Heritage assets

There is no statutory definition of heritage pubs. Heritage pubs may be designated or non-designated heritage assets:

The main test for whether a building should be listed is its special historic or architectural interest. An application needs to be made to Historic England, and the final decision rests with the Secretary of State for Culture, Media and Sports.

Requirements to change the use of, or demolish, a pub

Planning permission

Since May 2017, planning permission from the local planning authority is required to change the use of, or demolish, a pub. The government advises local planning authorities to consider the importance of retaining “accessible local services and community facilities”, such as pubs, and the heritage significance of pubs (where applicable) when deciding these applications.

Listed building consent

If the pub is a listed building, then listed building consent is also required. Local planning authorities may have to consult or notify Historic England before they decide these applications. It is a criminal offence to demolish a listed building without obtaining listed building consent.

Concerns about unauthorised demolitions

While many pub closures and conversions are carried out lawfully, there is concern some are carried out without the correct permission. In August 2023, the Campaign for Real Ale wrote to then Housing Minister Rachel Maclean claiming that, in the first half of 2023, 64 pubs were converted or demolished in England without planning permission.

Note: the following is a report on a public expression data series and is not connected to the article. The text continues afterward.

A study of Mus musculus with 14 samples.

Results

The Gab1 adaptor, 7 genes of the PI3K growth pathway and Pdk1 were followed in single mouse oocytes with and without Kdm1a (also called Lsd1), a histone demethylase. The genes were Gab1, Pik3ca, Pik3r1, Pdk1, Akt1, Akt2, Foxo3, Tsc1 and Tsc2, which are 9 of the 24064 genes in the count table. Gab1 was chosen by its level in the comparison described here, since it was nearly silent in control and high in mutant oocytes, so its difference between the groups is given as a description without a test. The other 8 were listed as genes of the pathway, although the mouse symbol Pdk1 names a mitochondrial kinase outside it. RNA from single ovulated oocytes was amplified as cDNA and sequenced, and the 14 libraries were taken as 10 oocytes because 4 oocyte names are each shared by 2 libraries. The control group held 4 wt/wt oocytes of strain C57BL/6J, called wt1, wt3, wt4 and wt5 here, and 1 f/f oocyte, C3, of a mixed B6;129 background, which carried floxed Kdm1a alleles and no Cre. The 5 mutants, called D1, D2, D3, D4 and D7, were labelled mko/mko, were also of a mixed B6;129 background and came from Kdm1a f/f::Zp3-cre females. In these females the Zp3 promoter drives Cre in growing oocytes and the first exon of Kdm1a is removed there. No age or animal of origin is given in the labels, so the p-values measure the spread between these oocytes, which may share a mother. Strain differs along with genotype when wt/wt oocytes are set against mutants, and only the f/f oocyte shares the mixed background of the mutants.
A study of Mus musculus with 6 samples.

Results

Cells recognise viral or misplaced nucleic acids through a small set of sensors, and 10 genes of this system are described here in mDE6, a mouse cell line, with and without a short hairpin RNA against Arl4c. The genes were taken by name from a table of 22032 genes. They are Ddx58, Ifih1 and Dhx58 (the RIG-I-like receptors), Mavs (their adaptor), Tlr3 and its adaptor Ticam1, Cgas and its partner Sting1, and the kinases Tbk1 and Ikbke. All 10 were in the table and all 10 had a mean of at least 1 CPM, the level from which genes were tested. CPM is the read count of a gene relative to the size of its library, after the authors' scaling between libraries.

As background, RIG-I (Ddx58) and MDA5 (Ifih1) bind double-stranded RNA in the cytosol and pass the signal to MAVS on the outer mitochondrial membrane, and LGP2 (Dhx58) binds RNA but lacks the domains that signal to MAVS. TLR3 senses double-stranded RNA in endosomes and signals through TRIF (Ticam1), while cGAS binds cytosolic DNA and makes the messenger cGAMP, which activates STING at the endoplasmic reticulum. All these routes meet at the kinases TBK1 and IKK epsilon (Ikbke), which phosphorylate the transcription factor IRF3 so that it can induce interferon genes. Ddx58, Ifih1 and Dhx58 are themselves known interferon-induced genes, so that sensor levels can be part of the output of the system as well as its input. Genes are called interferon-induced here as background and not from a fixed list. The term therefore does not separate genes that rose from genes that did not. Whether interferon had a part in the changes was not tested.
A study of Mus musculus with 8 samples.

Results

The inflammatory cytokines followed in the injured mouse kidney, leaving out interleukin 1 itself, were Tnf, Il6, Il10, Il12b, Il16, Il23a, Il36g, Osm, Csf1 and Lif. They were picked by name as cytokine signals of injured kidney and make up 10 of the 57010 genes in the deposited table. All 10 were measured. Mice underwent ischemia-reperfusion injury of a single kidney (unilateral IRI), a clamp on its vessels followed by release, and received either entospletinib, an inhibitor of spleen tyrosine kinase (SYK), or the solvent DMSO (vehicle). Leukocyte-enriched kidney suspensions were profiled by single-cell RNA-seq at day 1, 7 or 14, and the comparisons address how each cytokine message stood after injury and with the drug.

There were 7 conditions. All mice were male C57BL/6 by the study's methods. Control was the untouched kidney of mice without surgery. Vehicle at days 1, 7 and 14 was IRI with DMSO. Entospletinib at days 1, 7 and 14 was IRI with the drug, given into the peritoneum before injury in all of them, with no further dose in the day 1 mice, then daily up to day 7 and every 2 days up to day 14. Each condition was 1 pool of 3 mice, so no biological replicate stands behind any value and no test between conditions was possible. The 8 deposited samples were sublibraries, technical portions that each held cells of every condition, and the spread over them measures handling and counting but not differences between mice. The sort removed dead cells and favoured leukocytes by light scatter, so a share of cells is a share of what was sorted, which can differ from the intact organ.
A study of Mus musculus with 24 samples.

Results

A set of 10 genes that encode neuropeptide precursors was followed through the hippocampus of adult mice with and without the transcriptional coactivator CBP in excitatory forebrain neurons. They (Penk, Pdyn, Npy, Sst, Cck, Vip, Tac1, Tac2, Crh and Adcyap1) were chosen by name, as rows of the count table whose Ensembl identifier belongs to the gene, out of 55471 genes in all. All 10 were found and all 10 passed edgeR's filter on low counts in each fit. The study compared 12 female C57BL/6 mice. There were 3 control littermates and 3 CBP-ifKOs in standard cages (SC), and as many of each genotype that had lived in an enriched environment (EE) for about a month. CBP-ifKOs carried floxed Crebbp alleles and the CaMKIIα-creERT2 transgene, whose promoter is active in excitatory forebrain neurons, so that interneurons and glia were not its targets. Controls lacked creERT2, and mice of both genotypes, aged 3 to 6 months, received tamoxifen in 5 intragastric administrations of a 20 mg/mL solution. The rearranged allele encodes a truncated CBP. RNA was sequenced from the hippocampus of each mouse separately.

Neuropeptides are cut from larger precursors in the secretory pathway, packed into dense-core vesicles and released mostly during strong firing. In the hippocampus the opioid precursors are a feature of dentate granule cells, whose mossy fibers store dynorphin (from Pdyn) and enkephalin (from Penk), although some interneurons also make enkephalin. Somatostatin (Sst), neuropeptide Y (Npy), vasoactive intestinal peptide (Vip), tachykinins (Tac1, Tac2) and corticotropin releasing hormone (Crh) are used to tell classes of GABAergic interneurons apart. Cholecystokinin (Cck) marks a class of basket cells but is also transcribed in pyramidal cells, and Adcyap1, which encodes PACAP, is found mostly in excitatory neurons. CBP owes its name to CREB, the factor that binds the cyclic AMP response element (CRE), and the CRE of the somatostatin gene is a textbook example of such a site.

For example, the Crooked House pub in the West Midlands was destroyed in a fire shortly after it was sold. Concerns have been raised that the pub was demolished without the correct permission. The local planning authority, South Staffordshire Council, has said it is investigating “planning and building control breaches”.

Fall in the number of pubs

Concern about the protection of pubs comes against the backdrop of a significant fall in numbers of them. Data from the Office for National Statistics puts shows the number of pubs has declined by around 13,000 between 2000 and 2019. It shows that, in particular, the number of smaller pubs (with fewer than 10 employees) has declined.